Patton's Picks from the PMA Library: Digital MinimalismJuly 2020
"Digital Minimalism: Choosing a Focused Life in a Noisy World" by Cal Newport
Rather than dismissing technology entirely, Newport insists that you should feel in control of your technology use, rather than the other way around. Digital Minimalism is true to its title: conveying an understanding that while being connected online is important in today's world, the actual time spent using these technologies far surpasses what is actually needed for most people. His research not only confirms that people of all ages feel increased stress levels due to technology, but also that tech companies are investing exorbitant funds and research to ensure that your eyes are glued to your screens. Illusions of connectivity prove shallow when compared to meaningful conversation, and prove addicting in addition to their detrimental effects.
Consolidate Technology Use. Newport understands that quitting social media entirely is an unrealistic prospect in the digital age. He instead insists that to minimize technology use it should be scheduled and limited, rather than loosely utilized to fill (and waste) time whenever convenient. This means that one should literally calendar time for communicating digitally, curate the best incoming content, and delete nonessential apps which so often hold your attention.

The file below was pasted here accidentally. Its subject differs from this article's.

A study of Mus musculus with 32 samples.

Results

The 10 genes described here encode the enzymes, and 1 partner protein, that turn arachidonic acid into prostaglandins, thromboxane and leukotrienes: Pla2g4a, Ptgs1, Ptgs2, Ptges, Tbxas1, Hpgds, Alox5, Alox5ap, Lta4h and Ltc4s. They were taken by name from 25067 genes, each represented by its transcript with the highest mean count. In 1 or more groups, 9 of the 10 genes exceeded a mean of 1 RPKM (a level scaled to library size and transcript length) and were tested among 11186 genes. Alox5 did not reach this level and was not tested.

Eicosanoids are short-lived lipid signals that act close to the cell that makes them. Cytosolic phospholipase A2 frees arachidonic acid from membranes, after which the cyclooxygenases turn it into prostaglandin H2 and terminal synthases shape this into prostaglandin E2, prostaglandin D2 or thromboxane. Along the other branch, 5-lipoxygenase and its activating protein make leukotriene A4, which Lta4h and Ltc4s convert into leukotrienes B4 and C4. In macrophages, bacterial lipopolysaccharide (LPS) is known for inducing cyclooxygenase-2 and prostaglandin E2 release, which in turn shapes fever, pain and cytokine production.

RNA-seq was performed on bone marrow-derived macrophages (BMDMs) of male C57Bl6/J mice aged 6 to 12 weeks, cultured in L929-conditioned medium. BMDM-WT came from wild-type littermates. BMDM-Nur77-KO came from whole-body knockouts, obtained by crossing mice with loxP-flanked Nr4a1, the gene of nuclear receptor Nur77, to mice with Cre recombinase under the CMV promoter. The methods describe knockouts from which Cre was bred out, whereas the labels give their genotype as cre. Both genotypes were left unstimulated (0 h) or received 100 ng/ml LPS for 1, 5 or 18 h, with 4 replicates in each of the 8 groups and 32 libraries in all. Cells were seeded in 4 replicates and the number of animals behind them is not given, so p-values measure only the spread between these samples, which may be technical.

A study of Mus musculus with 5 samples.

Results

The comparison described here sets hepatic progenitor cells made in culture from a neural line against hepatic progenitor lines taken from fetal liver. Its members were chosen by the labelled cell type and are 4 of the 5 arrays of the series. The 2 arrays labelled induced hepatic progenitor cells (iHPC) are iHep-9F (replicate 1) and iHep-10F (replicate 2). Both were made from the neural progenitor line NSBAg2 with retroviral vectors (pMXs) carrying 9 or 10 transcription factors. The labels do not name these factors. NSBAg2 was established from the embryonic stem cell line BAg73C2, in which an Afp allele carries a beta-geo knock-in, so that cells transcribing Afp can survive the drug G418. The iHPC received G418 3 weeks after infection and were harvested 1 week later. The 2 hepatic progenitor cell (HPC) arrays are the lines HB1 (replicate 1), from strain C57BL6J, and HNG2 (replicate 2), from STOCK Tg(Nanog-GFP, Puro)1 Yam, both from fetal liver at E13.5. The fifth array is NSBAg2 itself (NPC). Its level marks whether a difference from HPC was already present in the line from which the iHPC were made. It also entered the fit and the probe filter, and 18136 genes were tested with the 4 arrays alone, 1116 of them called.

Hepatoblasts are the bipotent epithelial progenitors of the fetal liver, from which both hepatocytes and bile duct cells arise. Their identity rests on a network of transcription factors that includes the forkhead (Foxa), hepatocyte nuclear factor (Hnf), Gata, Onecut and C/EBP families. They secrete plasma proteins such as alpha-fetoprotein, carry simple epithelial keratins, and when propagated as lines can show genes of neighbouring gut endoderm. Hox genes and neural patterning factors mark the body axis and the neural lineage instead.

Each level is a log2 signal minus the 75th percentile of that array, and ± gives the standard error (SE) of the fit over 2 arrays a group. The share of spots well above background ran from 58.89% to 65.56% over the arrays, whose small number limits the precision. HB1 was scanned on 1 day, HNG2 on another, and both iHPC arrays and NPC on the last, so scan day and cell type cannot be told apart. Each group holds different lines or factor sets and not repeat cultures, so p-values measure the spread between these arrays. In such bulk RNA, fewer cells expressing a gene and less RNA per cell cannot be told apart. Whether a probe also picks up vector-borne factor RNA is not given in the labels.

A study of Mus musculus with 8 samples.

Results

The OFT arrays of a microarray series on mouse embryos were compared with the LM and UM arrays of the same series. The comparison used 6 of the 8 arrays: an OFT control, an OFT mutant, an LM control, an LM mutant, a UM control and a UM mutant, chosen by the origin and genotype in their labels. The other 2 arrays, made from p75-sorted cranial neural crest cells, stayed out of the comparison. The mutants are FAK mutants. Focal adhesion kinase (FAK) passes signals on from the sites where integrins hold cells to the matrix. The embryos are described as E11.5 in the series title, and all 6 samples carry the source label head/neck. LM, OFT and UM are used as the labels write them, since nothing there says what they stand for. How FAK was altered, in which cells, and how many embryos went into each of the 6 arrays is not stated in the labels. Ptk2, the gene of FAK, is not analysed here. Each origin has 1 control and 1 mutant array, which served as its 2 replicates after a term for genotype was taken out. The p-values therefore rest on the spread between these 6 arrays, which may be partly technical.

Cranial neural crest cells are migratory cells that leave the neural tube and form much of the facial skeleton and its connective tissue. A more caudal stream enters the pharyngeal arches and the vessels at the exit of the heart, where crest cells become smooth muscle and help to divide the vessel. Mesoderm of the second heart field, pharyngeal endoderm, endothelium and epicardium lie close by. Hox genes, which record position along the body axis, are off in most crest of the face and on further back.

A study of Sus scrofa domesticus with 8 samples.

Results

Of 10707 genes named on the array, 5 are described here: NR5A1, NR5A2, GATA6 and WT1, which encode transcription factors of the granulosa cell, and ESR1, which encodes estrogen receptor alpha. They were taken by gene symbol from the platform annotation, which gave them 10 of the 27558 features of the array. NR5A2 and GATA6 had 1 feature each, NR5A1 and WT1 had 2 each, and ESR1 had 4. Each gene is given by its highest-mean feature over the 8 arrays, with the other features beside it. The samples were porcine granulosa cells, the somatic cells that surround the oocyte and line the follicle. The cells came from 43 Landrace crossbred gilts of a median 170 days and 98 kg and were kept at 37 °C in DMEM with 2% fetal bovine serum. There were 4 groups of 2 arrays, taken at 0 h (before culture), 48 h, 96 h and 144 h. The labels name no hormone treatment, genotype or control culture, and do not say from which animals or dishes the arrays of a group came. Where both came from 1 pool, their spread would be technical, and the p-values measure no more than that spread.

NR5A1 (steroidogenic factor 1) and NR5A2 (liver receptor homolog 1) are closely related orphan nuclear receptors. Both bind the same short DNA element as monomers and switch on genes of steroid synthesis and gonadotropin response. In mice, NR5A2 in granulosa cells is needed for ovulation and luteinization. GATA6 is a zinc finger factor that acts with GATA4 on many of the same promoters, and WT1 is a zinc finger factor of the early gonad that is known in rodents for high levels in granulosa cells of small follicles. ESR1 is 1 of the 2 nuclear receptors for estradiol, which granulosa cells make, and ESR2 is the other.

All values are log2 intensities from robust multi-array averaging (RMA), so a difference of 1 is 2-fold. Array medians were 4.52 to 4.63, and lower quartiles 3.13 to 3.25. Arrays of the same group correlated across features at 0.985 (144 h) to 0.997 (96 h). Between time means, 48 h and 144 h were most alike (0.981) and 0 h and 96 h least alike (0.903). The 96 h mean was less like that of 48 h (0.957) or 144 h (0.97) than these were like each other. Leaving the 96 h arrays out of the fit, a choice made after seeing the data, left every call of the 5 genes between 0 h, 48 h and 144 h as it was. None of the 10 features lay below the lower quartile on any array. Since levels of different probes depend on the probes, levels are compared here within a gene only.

Reclaim Time and Leisure. Leisurely technology use means that you are probably losing hours of your day engaging in shallow conversations, reviewing info-tainment, or otherwise falling into the traps of addictive social media design. When you begin to limit technology usage, you'll realize a lot of time is freed up, and while it can be hard to resist going back to the phone, it can be even harder to figure out what to do with your newly found free time. Being intentional with one's activities and leisure time is essential to solidifying minimal digital usage. Find or reclaim an "analog" hobby!
Redefine Communication. The shallowness of social networking sites allows one the illusion of connectivity, while in reality the sites' usage distracts you from meaningful real-life encounters. While it can be useful to catch up with friends from the past or connect with strangers in groups, the surface-level encounters provide one with a misleading sense of connection, rather than meaningful personal development. Newport suggests identifying the ways social engagement in the digital realm is nonessential, and deleting those sites entirely. He then recommends incorporating real life social engagements into your leisure time, and even maximizing solitude into your personal life.
Newport's three principles: clutter is costly, optimization is important, and intentionality is satisfying, will guide you on a path to use technology only when it is vital and at very few intervals. In this way, you'll learn to maximize your time and advance your productivity, free from the traps of digital technology usage.
ABOUT THE AUTHOR:
Cal Newport is the Provost's Distinguished Associate Professor in the Department of Computer Science at Georgetown University and the author of six self-improvement books. He writes the Study Hacks blog, which is focused on academic and career success.